14/06/2018


More than 40 people attended the event organised by Caithness Broch Project and experienced ‘hands on archaeology’ in a series of trial trenches at Thusater Burn near Thurso in the north of Scotland.
 
In fact, so many people turned up that an additional trench had to be opened. This trench was soon commandeered by the children of the volunteers who under supervision from the ORCA team started to develop their excavation skills at a pace!
 
Details of the finds
 
All three excavated trenches soon revealed archaeological features consistent with that anticipated by a previous geophysical survey conducted by the ORCA team several weeks ago. Rubble and stony deposits containing cultural material were encountered, although perhaps the most exciting structural find was a perfectly preserved hearth constructed of orthostats, a base slab and packing stones.
 
Under the blazing sun, the team’s hard work was also rewarded by finding a hammer stone and possible striking stone used for starting fires and a wonderfully preserved pigs tooth. The latter find is usually associated with high status sites.
 
The investigation raised the possibility of the mound containing prehistoric structural remains although more research is needed to confirm their extent and the actual period of occupation. The hearth, together with the finds point to domestic use – perhaps a ‘wag’ or, even more excitingly for the Caithness Broch Project, the remains of a broch.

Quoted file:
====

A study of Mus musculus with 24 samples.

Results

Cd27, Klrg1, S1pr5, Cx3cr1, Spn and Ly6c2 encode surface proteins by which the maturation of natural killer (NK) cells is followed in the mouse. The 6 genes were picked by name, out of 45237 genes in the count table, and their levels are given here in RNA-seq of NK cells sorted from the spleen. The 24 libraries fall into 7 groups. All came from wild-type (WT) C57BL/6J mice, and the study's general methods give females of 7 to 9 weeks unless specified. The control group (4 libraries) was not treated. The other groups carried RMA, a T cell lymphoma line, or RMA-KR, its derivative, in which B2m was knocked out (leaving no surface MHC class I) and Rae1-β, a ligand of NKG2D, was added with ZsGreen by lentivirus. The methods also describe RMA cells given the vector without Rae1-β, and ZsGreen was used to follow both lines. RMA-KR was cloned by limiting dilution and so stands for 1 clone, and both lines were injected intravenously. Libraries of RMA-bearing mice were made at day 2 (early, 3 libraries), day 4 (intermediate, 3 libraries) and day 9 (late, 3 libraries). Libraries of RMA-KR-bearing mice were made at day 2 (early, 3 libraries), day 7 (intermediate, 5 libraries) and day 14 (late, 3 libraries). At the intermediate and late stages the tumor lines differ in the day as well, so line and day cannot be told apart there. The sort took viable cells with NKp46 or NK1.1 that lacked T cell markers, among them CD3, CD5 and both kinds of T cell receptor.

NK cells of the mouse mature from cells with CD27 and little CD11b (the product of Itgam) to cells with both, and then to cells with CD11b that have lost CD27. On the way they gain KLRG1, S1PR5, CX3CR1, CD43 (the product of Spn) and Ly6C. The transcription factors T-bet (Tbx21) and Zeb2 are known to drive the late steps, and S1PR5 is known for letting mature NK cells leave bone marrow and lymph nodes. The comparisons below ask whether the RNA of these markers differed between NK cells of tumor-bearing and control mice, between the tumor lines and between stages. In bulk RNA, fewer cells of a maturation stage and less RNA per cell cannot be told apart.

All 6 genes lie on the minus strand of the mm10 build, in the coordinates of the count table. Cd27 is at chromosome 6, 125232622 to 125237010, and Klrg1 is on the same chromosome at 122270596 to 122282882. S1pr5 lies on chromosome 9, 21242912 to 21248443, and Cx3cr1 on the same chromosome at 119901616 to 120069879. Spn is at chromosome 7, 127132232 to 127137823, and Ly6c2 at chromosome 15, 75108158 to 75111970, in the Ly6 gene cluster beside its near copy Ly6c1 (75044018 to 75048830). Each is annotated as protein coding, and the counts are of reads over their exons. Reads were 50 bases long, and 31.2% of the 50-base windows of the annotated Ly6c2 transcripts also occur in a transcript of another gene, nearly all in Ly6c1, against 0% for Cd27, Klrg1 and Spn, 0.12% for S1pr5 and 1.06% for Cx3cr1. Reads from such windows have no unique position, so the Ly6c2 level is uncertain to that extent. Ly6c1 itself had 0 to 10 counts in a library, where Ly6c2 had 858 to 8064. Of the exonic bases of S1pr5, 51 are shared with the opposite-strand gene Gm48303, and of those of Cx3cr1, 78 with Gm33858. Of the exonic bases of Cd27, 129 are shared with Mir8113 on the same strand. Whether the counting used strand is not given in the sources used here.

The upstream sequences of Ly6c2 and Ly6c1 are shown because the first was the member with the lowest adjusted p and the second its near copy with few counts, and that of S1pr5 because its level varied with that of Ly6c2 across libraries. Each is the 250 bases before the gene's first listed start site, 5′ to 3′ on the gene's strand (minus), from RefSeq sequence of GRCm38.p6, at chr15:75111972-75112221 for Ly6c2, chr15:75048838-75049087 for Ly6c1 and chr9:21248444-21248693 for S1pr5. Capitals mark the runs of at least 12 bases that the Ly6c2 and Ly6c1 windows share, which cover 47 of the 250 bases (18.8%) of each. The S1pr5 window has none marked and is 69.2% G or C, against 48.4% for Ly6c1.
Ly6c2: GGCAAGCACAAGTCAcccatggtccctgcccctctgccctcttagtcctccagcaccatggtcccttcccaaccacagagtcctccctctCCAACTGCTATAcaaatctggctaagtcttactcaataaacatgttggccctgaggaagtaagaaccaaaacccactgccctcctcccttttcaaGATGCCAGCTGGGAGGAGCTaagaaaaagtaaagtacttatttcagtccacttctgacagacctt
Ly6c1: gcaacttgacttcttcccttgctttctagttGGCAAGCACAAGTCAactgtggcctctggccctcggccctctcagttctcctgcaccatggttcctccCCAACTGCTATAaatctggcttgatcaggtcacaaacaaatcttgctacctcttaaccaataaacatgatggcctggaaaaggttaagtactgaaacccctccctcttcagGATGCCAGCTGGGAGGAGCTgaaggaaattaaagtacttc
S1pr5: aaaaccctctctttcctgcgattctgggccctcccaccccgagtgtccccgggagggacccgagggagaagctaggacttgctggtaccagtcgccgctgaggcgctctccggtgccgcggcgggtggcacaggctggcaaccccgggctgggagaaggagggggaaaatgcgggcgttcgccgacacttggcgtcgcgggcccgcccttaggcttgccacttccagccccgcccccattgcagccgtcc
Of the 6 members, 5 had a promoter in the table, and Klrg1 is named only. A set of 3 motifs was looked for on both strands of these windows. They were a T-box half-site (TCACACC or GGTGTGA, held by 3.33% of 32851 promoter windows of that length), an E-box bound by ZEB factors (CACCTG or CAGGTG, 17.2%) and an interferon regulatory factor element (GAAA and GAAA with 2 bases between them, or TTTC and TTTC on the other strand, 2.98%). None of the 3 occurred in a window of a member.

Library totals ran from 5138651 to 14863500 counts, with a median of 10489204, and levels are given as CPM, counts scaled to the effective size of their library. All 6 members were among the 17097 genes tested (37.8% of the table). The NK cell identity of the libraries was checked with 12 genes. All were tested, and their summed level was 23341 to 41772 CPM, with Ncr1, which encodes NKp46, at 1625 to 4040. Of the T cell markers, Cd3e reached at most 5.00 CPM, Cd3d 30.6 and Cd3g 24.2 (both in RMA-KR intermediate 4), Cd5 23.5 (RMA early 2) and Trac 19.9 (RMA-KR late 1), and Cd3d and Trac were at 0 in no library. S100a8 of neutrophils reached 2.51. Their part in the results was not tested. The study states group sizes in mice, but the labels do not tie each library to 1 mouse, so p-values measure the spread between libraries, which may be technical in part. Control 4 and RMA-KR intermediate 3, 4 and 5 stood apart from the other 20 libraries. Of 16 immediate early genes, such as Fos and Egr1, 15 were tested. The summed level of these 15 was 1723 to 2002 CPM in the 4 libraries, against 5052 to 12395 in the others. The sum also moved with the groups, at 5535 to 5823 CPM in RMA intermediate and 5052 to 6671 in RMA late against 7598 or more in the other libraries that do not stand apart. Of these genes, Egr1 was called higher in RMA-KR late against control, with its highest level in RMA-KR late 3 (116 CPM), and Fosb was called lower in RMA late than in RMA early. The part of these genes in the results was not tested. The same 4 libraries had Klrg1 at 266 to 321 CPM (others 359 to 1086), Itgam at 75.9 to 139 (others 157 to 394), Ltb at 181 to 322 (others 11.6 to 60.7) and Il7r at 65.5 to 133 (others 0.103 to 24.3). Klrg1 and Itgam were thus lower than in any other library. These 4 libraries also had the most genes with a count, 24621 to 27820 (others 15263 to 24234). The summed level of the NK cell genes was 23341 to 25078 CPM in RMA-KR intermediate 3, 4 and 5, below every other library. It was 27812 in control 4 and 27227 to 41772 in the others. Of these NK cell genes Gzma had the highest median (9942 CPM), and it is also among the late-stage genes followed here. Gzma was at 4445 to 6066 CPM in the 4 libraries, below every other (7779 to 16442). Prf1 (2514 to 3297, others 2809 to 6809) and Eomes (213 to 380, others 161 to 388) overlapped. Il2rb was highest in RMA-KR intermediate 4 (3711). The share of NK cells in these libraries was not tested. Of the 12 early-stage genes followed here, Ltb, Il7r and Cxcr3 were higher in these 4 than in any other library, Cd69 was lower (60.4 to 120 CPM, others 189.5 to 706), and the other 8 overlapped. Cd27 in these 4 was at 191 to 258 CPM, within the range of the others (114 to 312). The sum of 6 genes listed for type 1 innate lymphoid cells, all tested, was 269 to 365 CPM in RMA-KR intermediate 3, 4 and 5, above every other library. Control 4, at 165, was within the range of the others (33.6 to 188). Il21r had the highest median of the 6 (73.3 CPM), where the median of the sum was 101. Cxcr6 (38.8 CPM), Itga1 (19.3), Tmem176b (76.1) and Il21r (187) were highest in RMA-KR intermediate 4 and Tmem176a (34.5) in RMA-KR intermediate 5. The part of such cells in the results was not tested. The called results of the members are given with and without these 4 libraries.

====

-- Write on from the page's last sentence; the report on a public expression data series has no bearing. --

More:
Investigating the prehistoric landscape
 
Pete Higgins, Senior Project Manager ORCA, said, ” It is incredibly exciting to be involved with the team from Caithness Broch Project and local people investigating this site, especially as this is the first time that it has been excavated. This is the first stage of a project which aims to investigate the wider prehistoric landscape of this area of northern Scotland and ultimately help provide the community with the tools to boost tourism in the area.”
 
The Caithness Broch Festival Archaeology Programme aims to provide CBP members and the general public with training in field-walking, geophysical survey and excavation within Caithness. These will develop skills in project set-up, survey, field-walking, finds recognition, finds cataloguing, GIS and reporting, as well as basic excavation techniques.
 
The community archaeology project is funded from the Tannach & District Wind Farm Charitable Trust Fund supported by Foundation Scotland, Bailie Wind Farm Community Benefit Fund and the Caithness and North Sutherland Fund.